WASHINGTON — US President Barack Obama will visit Central Intelligence Agency headquarters Friday to honor the entire US clandestine community's work in hunting down Osama bin Laden, the White House said.
Obama will head to CIA's Langley, Virginia headquarters to thank agents "for the work they do every day to keep America safe and specifically for their excellent work in tracking down Osama bin Laden," White House spokesman Jay Carney told reporters Wednesday aboard Air Force One.
He said Obama made the decision to visit the CIA "in the wake of the successful bin Laden mission," in which elite US commandos whisked into Pakistan by helicopter in the dead of night and killed the Al-Qaeda terror kingpin on May 2, ending the most elaborate manhunt in history.
"So this was a presidential decision that he wanted to make this trip," Carney added.
Accused of failing to connect the dots before the terror attacks of September 11, 2001, the CIA has been relishing a public triumph after tracking down bin Laden in his compound and monitoring the house for months.
The failure to find bin Laden had long been a source of frustration for the CIA, which had come under renewed criticism recently for its reporting on unrest in Arab countries.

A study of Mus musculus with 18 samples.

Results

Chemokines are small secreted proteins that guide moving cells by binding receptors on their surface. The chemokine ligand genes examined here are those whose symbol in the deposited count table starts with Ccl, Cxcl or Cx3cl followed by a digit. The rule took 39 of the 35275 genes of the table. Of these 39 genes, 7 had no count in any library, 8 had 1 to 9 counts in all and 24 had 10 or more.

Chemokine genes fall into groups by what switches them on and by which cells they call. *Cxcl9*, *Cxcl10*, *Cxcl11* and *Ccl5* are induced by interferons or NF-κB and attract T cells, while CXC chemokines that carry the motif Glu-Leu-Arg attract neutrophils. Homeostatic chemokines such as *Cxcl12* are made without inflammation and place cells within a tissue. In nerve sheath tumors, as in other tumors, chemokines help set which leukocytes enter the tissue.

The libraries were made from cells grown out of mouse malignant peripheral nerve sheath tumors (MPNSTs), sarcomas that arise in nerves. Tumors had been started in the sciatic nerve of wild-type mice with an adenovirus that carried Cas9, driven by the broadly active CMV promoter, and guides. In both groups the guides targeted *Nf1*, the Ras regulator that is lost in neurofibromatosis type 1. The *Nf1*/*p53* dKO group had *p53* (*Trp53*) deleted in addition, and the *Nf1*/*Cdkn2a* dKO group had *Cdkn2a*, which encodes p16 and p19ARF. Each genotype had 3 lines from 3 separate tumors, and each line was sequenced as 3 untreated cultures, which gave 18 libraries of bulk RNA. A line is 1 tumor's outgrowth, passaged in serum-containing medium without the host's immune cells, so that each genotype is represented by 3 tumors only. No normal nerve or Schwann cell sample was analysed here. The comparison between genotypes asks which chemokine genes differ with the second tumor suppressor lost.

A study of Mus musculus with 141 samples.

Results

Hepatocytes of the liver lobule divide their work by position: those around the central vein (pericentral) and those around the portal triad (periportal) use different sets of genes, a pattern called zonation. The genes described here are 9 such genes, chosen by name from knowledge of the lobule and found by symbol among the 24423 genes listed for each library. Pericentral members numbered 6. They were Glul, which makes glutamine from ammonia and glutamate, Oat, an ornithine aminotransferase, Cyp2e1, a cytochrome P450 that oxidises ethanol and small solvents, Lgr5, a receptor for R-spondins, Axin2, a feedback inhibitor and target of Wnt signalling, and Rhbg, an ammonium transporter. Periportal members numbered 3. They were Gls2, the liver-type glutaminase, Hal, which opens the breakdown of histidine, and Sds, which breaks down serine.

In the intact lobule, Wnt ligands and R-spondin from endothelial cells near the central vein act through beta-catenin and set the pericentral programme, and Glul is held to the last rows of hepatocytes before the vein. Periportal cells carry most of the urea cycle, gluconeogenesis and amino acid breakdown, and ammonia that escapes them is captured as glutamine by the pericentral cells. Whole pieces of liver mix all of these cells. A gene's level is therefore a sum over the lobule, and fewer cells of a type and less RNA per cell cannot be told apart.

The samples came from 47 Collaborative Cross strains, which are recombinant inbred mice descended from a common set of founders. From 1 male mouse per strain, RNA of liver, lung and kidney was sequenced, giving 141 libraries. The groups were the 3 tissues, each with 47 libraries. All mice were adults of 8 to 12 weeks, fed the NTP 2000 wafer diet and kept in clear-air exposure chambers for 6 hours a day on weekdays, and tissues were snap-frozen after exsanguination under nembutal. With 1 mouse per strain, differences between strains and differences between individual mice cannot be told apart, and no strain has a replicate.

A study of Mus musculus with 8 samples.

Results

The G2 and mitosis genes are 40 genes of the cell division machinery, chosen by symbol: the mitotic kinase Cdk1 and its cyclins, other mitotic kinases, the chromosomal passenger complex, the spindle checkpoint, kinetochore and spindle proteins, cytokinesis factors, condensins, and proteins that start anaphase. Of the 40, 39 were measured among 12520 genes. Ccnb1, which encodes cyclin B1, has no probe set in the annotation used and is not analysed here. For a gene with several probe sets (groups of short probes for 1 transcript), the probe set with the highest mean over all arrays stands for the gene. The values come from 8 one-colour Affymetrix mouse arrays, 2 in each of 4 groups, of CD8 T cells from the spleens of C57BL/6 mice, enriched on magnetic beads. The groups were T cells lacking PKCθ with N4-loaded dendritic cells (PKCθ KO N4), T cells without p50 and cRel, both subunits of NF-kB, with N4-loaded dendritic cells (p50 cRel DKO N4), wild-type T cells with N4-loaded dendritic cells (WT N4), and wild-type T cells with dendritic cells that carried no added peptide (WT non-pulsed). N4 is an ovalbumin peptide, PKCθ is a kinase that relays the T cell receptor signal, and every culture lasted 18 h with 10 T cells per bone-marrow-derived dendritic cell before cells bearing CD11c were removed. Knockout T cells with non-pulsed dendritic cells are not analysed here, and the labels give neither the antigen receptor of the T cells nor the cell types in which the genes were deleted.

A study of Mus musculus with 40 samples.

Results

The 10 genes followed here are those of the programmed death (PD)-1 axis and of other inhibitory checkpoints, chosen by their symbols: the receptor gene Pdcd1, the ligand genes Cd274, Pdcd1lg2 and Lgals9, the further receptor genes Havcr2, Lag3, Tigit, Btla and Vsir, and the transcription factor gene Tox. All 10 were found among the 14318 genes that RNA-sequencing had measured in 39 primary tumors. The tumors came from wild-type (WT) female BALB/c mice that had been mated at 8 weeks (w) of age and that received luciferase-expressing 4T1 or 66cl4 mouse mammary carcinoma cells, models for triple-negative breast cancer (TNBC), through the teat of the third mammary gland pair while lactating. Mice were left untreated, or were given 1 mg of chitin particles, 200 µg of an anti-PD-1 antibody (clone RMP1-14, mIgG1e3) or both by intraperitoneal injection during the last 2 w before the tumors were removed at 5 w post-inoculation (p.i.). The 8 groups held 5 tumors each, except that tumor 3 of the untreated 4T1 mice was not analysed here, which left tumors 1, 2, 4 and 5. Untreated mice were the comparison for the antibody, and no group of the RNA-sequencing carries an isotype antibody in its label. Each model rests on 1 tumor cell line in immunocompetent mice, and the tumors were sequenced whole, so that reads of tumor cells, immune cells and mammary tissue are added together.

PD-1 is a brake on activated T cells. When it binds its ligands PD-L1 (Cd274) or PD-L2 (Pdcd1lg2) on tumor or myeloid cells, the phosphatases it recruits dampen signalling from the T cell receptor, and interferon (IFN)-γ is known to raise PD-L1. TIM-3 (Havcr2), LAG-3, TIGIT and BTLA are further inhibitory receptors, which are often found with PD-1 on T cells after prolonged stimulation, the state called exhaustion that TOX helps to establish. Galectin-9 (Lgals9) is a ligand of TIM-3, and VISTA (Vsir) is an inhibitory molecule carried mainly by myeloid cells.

A number of the myriad US intelligence agencies were instrumental in tracking down bin Laden, including the CIA and the eavesdropping service National Security Agency (NSA).
CIA Director Leon Panetta also admitted to a litany of mistakes that allowed an Al-Qaeda militant to kill seven agency operatives in a 2010 suicide bombing in Afghanistan.
The Washington Post reported Tuesday that the agency flew new, highly sophisticated stealth drone planes on dozens of secret missions over Pakistan to monitor bin Laden's compound before US Navy SEALS killed him.
The CIA was also using satellites, eavesdropping equipment and agency operatives based at a safe house in Abbottabad, the garrison city where bin Laden is believed to have lived for about five years until he was found, according to the Post.